This futuristic vision – outlined in a Verizon patent application published last month – is eerily similar to the two-way telescreens that monitor citizens in George Orwell’s 1984. But the idea is far from science fiction.
Rather, it is within the realms of what is technologically possible today, and is just one version of how some of the world’s most pioneering media and marketing companies discuss using the rich profiles they are amassing about individuals. For marketers, the fast-growing business of tracking intimate details about consumers’ lives presents unprecedented opportunity. Lawmakers, federal regulators and privacy advocates, meanwhile, increasingly worry it is leading to a “database of ruin”.
“I am concerned that the rich profiles being created about consumers can be used to harm them at work and in their financial lives,” Julie Brill, a commissioner with the US Federal Trade Commission, said last week. “I’m equally concerned that consumers are unaware of this data collection and use activity or the companies that engage in it, and so have very little opportunity to exercise any current rights they may have to opt out, access or correct this data.”
Concerned by what information is being collected about individuals and how it is being used, lawmakers and regulators are stepping up their scrutiny of the so-called consumer data broker industry. They also are pushing for stricter guidelines to protect both children’s and adult’s privacy in the digital age.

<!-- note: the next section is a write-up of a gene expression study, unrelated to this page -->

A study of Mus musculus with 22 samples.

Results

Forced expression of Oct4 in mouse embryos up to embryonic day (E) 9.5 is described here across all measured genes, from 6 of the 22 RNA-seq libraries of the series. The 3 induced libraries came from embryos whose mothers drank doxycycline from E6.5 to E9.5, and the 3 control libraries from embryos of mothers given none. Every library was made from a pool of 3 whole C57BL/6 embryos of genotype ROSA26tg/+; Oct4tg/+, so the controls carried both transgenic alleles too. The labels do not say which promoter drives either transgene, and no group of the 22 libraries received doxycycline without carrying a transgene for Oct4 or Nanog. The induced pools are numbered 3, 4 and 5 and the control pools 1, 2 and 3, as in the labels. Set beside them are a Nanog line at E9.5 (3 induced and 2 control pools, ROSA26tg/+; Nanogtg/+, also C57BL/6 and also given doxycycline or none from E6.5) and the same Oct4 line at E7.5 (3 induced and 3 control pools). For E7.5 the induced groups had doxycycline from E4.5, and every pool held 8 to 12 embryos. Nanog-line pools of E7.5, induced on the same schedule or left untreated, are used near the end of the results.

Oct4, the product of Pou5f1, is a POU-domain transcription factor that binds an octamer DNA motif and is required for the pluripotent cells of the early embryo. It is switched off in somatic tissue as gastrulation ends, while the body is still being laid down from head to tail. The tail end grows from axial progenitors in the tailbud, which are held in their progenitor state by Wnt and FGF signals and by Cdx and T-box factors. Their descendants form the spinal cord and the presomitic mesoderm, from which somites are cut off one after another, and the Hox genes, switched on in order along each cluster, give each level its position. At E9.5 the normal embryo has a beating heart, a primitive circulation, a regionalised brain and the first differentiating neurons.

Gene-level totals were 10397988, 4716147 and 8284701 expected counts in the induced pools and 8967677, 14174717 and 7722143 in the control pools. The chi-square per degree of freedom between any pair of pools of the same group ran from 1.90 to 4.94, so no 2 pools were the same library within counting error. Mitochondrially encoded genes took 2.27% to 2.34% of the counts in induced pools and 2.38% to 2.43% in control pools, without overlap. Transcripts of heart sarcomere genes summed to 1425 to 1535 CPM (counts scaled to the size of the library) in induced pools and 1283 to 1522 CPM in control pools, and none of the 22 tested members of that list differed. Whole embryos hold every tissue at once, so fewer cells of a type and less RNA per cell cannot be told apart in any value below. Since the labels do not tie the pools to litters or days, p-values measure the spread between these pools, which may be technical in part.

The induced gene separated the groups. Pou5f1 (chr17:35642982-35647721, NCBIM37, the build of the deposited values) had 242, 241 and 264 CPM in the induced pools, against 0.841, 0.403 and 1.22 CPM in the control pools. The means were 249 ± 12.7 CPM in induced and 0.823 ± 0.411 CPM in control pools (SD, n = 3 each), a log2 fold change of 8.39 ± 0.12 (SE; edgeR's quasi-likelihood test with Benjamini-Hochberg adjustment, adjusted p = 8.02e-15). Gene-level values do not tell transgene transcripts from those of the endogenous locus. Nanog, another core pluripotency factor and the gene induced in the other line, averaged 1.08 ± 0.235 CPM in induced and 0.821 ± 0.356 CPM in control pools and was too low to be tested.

Some of the world’s largest data brokers, including Acxiom, Experian and Equifax, are being called to Washington on Thursday to participate in a congressional inquiry about how their multi-billion-dollar industry handles consumers’ personal information. The US Senate Commerce Committee has launched a similar investigation.
These corporations – with names most people have never heard of – revealed in letters to lawmakers that they track everything from a person’s religious affiliation to their political leanings.
They collect data on household incomes, public postings on social media and shopping activity. They know the type of credit card in a person’s wallet and whether they have expressed concerns about health conditions such as diabetes or arthritis.
“The data brokers’ responses offer only a glimpse of the practices of an industry that has operated in the shadows for years,” the group of lawmakers said in a joint statement.
Some marketers fear strict regulation could stifle business.
Others argue that an industry operating with more transparency will allow them to explore new business models that involve personalising media and marketing messages to the benefit of consumers.